Does it really matter what you eat?  Does it really have an impact on your health?  The answer is an emphatic “yes”.  There is plentiful of evidence that the food we eat does have an impact on our health—especially our risk of developing cancer, diabetes, osteoporosis, heart disease, obesity, and the myriad of medical problems associated with these conditions.  All of these conditions can negatively impact the length and quality of your life.

In brief, here are some simple ways to eat for good health:

  • Eat five or more servings of fruits and vegetables daily.
  • Have at least one serving at each meal – an orange or banana with breakfast (whole fruit is better than juice), celery sticks or baby carrots for lunch, steamed broccoli/cauliflower blend or a salad for supper.
  • Take larger portions, filling half your plate with vegetables or fruit.
  • When snacking, choose fruits or vegetables instead of cookies or chips.

There are several reasons why fruits and vegetables are beneficial for human health:

  • Antioxidants in fruits and vegetables protect against cancer.
  • Their fiber can lower blood cholesterol levels - another Healthy Living Rochester personal goal - thereby lowering your risk of heart disease.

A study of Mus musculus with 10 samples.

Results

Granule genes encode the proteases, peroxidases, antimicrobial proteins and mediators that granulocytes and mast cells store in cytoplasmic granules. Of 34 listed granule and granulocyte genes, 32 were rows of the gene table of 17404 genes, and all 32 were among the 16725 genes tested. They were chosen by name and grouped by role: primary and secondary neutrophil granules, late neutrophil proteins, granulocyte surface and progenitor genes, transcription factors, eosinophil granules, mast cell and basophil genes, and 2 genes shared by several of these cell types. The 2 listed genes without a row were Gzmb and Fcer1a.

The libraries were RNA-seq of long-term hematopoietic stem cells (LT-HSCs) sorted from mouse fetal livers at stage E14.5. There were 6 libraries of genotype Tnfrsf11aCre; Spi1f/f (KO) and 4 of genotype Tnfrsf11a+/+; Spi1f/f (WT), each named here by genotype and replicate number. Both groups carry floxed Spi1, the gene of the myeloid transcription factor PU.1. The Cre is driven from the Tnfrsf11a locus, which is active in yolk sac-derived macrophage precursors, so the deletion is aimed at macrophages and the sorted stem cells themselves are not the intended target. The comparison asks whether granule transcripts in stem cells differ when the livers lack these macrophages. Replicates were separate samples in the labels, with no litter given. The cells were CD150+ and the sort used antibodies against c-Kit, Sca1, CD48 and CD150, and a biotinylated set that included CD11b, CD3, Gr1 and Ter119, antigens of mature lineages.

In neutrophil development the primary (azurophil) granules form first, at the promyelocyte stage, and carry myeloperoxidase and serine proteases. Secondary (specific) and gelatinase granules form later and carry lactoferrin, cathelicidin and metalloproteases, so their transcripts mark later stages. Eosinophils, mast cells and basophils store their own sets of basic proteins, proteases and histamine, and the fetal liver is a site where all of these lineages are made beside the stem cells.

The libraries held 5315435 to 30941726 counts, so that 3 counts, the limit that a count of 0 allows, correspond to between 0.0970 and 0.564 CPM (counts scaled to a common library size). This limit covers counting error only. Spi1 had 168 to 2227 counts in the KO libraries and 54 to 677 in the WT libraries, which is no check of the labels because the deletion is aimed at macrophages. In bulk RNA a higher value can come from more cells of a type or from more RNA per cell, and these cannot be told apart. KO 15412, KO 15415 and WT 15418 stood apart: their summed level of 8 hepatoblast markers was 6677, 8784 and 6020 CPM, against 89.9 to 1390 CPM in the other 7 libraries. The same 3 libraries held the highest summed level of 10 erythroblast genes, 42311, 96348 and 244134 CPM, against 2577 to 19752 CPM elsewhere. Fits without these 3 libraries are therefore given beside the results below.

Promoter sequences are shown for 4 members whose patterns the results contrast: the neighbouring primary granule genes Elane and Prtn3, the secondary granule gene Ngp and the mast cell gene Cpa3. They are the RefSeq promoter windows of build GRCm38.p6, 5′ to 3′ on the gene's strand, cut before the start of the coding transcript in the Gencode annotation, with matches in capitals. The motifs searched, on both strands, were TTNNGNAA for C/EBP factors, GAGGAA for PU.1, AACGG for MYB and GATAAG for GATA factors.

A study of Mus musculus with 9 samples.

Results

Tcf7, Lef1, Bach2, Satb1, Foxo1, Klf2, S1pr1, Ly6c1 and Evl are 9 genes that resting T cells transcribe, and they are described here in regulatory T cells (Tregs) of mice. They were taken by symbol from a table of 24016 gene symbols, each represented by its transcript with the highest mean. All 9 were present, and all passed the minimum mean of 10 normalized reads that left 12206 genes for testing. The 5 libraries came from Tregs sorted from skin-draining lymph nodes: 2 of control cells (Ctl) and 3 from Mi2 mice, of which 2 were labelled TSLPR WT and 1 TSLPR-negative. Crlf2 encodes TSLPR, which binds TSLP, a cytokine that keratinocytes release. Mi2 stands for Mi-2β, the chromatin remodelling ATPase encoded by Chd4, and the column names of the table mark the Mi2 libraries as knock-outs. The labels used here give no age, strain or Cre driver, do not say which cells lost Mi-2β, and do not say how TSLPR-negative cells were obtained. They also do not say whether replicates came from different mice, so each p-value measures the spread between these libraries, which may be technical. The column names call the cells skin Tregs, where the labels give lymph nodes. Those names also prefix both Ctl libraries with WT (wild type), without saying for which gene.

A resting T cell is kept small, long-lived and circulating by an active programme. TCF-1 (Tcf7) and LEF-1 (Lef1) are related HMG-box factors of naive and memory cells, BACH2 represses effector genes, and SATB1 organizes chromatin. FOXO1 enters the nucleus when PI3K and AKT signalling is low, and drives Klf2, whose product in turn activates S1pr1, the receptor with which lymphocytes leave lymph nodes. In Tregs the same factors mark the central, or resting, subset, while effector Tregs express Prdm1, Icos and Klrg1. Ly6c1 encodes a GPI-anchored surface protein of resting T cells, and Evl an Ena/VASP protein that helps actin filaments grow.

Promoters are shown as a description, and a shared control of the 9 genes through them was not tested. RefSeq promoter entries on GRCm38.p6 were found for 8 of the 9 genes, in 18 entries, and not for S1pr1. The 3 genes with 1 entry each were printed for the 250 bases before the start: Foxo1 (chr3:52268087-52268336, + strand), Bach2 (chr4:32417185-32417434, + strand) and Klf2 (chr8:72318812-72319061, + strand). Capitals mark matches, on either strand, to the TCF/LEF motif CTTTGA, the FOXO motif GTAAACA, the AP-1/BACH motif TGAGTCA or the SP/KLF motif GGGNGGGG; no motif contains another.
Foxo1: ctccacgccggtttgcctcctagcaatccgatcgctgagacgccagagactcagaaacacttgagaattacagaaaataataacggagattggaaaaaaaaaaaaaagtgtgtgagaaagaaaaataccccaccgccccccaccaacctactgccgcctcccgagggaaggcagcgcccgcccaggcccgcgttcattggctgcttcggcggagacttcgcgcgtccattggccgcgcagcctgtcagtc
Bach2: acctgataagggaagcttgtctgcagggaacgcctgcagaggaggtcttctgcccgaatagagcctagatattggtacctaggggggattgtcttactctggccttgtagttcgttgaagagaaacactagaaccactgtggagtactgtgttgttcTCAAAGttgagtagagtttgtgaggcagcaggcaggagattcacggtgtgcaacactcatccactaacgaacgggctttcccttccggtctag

• They are low in sodium, which can help to control blood pressure, another  Healthy Living Rochester personal goal.
  • Choose lean meats and low fat dairy products.
    • These products are just as high in protein and calcium as their full fat counterparts, with only half the calories and less than half the blood vessel clogging saturated fat.
    • Skinless chicken breast, skim milk and fat free yogurt are good examples.
    • Seasonings and flavorings added to these foods provide an extensive variety of tasty options.
    • Fatty fish like salmon, while a bit higher in fat, contain a  form of fat -- omega-3 fat -- which actually makes your blood vessels healthier.
  • Watch food labels.
    • The fat content in some products is not always obvious, so check out the label. Look for foods with 3 grams or less of fat per 100 calories and choose items that have less than 2 grams of saturated fat.
  • Watch food at restaurants.
    • Healthy food tastes great if prepared correctly.  Unfortunately when dining out, available food options are flavored with extra fat and salt.  While these added substances are an easy way to make food taste good, it's unhealthy way.
    • Choose menu items that are broiled, grilled or baked.  Today most restaurants offer such options.
    • The more often you ask for healthy options at restaurants, the more likely the consumer will see more healthy items on menus.

What we choose to eat does impact our health.  Choose wisely and enjoy the healthy consequences!